A World Without Heroes: The Modern Tragedy by George Roche (Hillsdale College Press, Hillsdale, Mich. 49242: $12.95, paperback; 368 pages)
As one who believes in God--and in God's mandate that humankind participate in "the perfection of the world"--I was prepared to accept the premise of George Roche's "A World Without Heroes." We suffer from a profound spiritual hunger, he suggests, an ominous moral disintegration of the individual, the family, the community, the world; we must seek and embrace the faith that instructs us to act as the "moral agent" of the Almighty. But I was mightily disappointed to find that Roche's thundering jeremiad does not call us back to God; rather, it is a political tract that uses the author's profession of Christian faith as a cudgel of contemporary neo-conservatism.
"World Without Heroes" is a spirited attack on abortion, drugs, rock 'n' roll, modern art, lawyers, taxes, welfare, public education, secular humanism, the New Deal and just about everything else on the hit list of the New Right.
A Diabolical Taint
About the only topic he neglects is the one mentioned so prominently in the title of his book: heroism, and the lack of it in our troubled times. Roche is far more interested in "anti-heroism"--his insistent euphemism for the Western intellectual traditions of liberalism and secularism, which he regards as a diabolical taint that has already given us "Belsen and the Gulag" and promises us only moral and material cataclysm.
As Roche uses the term, heroism appears to refer to any selfless act of man which reveals the inspiration of the Almighty. So far, so good. But he doesn't have much to say on heroism or heroes. In fact, he mentions only two: Mother Teresa and Lenny Skutnik, the man who dived into the icy Potomac to save the survivors of an airline crash. Nor does he ponder the psychological and political dangers of hero-worship. Rather, he rails against the bogymen of anti-heroism, starting with William of Occam, running through Darwin, Marx and Freud, and reaching the miscellaneous benighted politicians, scientists, psychologists, educators and artists of our age.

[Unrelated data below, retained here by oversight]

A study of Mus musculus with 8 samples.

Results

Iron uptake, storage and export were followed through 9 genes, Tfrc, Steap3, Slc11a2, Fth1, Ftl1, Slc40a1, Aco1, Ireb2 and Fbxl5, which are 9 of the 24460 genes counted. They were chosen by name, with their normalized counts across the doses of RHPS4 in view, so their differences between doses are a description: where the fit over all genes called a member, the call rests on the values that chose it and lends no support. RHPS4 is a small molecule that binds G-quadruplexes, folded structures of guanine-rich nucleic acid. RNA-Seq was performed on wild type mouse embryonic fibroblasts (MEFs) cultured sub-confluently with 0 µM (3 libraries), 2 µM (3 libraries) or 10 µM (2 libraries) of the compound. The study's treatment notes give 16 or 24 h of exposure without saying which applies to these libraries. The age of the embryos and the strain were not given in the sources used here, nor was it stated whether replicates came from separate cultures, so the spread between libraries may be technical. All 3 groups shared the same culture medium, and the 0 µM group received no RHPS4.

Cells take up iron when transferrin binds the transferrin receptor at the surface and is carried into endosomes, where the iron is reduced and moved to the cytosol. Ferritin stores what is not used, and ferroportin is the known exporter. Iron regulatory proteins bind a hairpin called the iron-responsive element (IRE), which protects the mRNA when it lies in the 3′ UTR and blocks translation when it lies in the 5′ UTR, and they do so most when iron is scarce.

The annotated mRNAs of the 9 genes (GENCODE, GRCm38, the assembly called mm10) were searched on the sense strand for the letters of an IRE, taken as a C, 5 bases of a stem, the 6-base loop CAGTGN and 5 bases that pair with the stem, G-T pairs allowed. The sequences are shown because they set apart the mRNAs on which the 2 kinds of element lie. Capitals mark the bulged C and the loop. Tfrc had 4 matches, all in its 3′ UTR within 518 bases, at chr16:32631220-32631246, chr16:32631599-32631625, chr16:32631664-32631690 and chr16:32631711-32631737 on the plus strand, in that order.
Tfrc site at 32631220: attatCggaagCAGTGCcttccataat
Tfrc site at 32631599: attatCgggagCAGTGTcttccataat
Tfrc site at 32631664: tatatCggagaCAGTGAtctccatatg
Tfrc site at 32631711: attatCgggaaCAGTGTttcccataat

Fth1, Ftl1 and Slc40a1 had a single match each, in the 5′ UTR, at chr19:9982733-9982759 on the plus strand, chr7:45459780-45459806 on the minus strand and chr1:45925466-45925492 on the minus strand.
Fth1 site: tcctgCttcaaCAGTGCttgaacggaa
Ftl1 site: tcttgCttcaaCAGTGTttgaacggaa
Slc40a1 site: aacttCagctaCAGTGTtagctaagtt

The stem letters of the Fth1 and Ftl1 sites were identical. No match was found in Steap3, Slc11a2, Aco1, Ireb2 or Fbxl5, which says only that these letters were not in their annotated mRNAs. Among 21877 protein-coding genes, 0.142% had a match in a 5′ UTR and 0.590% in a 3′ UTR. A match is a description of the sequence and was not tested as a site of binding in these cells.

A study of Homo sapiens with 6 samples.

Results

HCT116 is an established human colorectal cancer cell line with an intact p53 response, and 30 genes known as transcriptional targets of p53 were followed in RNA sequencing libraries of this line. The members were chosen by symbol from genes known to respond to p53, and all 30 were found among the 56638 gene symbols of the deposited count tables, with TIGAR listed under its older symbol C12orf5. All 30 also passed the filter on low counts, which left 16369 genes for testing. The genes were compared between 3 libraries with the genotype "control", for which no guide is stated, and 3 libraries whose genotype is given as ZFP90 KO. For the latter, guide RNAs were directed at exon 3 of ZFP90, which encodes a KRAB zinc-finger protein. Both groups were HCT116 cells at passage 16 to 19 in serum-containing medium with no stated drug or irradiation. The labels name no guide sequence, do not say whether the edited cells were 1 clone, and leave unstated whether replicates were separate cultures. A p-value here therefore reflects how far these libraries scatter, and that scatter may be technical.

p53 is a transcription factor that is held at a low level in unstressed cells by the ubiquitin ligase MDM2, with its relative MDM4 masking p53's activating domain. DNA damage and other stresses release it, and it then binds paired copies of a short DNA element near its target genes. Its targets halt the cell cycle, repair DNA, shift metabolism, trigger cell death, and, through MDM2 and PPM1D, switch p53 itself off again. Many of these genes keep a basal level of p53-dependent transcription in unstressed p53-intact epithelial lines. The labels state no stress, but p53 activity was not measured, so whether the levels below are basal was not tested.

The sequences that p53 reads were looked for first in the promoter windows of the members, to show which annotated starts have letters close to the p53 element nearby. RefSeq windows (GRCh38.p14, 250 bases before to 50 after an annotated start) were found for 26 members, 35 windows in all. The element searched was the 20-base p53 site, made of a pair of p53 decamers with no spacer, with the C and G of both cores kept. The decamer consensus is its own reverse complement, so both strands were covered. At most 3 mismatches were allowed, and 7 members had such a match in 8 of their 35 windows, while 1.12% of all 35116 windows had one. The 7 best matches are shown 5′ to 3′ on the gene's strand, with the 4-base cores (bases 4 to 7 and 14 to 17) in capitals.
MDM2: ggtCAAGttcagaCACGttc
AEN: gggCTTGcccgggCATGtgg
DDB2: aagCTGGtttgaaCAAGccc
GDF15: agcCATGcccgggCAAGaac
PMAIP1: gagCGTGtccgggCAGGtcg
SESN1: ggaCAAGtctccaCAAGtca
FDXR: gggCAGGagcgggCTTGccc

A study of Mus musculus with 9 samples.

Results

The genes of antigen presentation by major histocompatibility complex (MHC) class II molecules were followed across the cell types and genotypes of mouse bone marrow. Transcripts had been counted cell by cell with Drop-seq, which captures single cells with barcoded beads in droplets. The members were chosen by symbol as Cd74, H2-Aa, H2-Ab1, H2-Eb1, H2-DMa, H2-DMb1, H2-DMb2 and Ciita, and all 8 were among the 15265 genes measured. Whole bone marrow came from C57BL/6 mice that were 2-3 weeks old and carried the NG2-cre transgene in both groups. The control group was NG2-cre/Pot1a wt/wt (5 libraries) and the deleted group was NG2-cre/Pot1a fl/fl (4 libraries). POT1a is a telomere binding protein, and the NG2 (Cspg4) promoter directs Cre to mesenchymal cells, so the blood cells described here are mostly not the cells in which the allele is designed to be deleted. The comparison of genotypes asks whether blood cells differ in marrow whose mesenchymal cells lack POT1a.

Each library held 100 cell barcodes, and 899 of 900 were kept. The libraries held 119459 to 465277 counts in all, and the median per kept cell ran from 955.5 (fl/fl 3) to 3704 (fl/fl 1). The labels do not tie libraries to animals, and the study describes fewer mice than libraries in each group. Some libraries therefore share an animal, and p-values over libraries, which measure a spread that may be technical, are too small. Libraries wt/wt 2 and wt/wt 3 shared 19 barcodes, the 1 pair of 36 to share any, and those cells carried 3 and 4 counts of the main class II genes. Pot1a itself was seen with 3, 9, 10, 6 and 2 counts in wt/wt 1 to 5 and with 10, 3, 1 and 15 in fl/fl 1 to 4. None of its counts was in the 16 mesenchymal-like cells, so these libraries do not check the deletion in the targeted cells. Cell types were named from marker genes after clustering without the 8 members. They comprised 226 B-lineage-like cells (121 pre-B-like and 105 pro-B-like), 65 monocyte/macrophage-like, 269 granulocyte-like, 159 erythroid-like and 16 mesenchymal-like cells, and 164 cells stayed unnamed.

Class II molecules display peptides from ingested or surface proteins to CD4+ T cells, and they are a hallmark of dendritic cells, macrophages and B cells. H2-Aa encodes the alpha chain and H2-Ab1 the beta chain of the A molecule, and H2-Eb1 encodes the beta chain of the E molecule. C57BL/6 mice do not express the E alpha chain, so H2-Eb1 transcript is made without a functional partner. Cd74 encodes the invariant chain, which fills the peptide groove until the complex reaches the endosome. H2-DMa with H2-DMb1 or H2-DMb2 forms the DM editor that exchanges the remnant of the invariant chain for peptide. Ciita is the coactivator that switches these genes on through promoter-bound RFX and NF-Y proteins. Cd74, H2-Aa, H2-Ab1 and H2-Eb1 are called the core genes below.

"We have been deceived and cheated by man-made philosophies that see human purpose as far too small," Roche writes. "These anti-heroic philosophies . . . have been woven of scientific errors and prideful cravings, in rebellion against God. In sum, they constitute a denial of value and purpose to human life, setting us adrift in an existence without meaning or hope. Over six centuries they have gained force, reaching a malignant ascendance in modern times, our times, that is destroying civilized life."
Roche is a historian and a college president, but he would have made a mesmerizing preacher--or, for that matter, a politician. He invokes the most respectable Christian apologists--G. K. Chesterton, C. S. Lewis, Malcolm Muggeridge--but then he finds Whittaker Chambers to be eminently quotable, too. And Roche engages in every imaginable rhetorical excess, comparing "abortion mills" to "witchcraft and Devil worship" and "the Soviet practice of dropping booby-trapped toys to maim children in Afghanistan," and explicitly linking Darwin to "militarism, Bolshevism and Nazism."
"With the spurious blessings of science," Roche declares, "the Darwinist assaults the heart of Western tradition, morality, order and belief."
For the New Right
But, I kept wondering, what is really going on here? Not much more than a stump speech for the New Right, I'm afraid. Roche does not explain the positive social obligations of a committed Christian; indeed, he does not even acknowledge such a concept, and he has much more to say about the outrages of the Internal Revenue Service than the teachings of Jesus. (He uses Mother Teresa only as a kind of verbal talisman, and he flatly ignores the profound social and political implications of her calling to minister to poorest of the poor.) Indeed, he dismisses social activism as "idiotic" and seems to suggest that progressivism in politics is not only ineffective but actually unnecessary.
"Every source of discontent and injustice has been reformed to a fare-thee-well, and at no niggardly expense," he whines. "Our politicians openly long for any new or original misfortune to overcome, and can hardly sleep nights for fear there are not disadvantaged groups left to aid or tax loopholes to plug." Let him talk to Mother Teresa!
"World Without Heroes" is not without its curious appeal. Roche is capable of crafting a convincing argument in classical prose; he displays a rare command of the subjunctive mood, and he may be the only author in recent memory to actually use the word dratted. His extended discussion of the theological grounds for reconciling the illusory conflict between creationism and evolution is especially illuminating--and uncharacteristically temperate. But I can't help but wish he would pick up his pen and quill once more, and write the book that his title promises.